When Helton talked with Cathy Woolard, interim executive director at AID Atlanta, about working for the Southeast’s largest HIV agency, he said they talked about bringing his “whole self” to work.
“I just feel like at AID Atlanta I can bring my whole self. I can bring my partner with me to events. I never discussed my personal life and especially being in a gay relationship with a man while at the Salvation Army,” he told the GA Voice. “And I knew it was time to make a change.”
“My friends knew and we had conversations [about working for an anti-gay organization], and some of them were very passionate,” Helton said. “I can understand people having questions. But when I raised money for the Salvation Army, I would go out and solicit for people who would be helped.”
Helton said that as a boy in East Tennessee, he was one of those who received assistance from the Salvation Army. He was raised by a single mother who worked full-time and went to school at night full-time to become a nurse. When he was nine and his brother was six, his family received assistance from the Salvation Army, including food donations as well as Christmas gifts.
Helton and his brother also participated in the Salvation Army Boys & Girls Clubs, which offer after-school activities such as sports, field trips, music programs and other enrichment programs.
“I’ve been there. I know first-hand what they do,” Helton said. “We weren’t homeless and were better off than many being helped. But I saw the good [the Salvation Army] did. I would think of those in need when soliciting money. When I would go out I would see myself as a child. I was raising money for people like me.”
Helton and his team secured more than $10 million during his more than seven years working at the Salvation Army through effective major gift solicitations, creative sponsorship opportunities and effective donor cultivation, AID Atlanta stated in a press release announcing Helton’s hiring.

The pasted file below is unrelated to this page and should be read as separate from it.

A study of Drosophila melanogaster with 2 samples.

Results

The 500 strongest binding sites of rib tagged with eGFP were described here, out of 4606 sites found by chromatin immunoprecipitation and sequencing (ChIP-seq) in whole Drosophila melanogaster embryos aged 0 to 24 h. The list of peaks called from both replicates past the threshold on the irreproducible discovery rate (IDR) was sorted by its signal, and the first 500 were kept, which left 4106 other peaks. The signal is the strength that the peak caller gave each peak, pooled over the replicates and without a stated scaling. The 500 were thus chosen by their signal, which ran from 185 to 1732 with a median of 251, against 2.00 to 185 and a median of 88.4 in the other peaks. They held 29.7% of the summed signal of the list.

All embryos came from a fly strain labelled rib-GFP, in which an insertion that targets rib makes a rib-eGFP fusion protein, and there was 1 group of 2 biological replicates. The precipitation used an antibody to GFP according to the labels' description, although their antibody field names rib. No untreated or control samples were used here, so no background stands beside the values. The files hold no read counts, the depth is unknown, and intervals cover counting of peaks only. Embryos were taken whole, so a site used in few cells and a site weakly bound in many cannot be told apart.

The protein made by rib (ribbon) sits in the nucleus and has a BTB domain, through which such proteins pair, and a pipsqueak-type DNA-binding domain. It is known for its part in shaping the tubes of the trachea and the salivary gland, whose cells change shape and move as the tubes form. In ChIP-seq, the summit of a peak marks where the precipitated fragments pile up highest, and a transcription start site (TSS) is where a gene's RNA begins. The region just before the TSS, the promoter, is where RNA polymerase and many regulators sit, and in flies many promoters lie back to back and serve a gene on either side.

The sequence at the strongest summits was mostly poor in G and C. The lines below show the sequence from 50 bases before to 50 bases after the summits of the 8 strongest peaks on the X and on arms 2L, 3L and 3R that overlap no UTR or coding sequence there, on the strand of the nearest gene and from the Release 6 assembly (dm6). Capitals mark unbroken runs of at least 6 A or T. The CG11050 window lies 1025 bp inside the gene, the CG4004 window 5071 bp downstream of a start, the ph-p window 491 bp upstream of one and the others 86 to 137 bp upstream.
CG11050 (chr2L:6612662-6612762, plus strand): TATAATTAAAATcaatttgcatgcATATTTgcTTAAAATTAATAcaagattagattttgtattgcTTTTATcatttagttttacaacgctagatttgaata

Helton was personally responsible for raising $3.5 million for the organization. While at the Salvation Army, he served as divisional resource development director for the Georgia division and as the regional resource development director of the Kentucky – Tennessee division before moving to Atlanta.
Helton received a Bachelor of Science and Master of Public Health degree from East Tennessee State University.
Woolard would not directly comment on Helton working for the Salvation Army after being asked through AID Atlanta’s PR agency.
“Joey’s resume stood out from the competition,” Woolard said in a written response. “We have big plans for the growth of the organization, and Joey’s experience is critical to reaching that goal.”
While working at the Salvation Army in Georgia, Helton said he participated in several AIDS Walk Atlanta events and also made donations to AID Atlanta.
But Helton said he never talked about his personal life while he worked with the Salvation Army. He said it was like living in two separate worlds ― the professional and then the private. Now, at AID Atlanta, he said he can combine both.
“Now I can think of those in need while working for AID Atlanta. Those who don’t have access to health insurance. I mean, thank goodness we have AID Atlanta because I believe every life deserves hope,” he said.
“I can apply the same passion and work ethic to AID Atlanta. I want to help my community. Not just the gay community, but the entire community. Let’s not forget the underlying reason why I am here. This is not about me. It’s about the people AID Atlanta serves and continuing to have the funds to do so,” Helton said.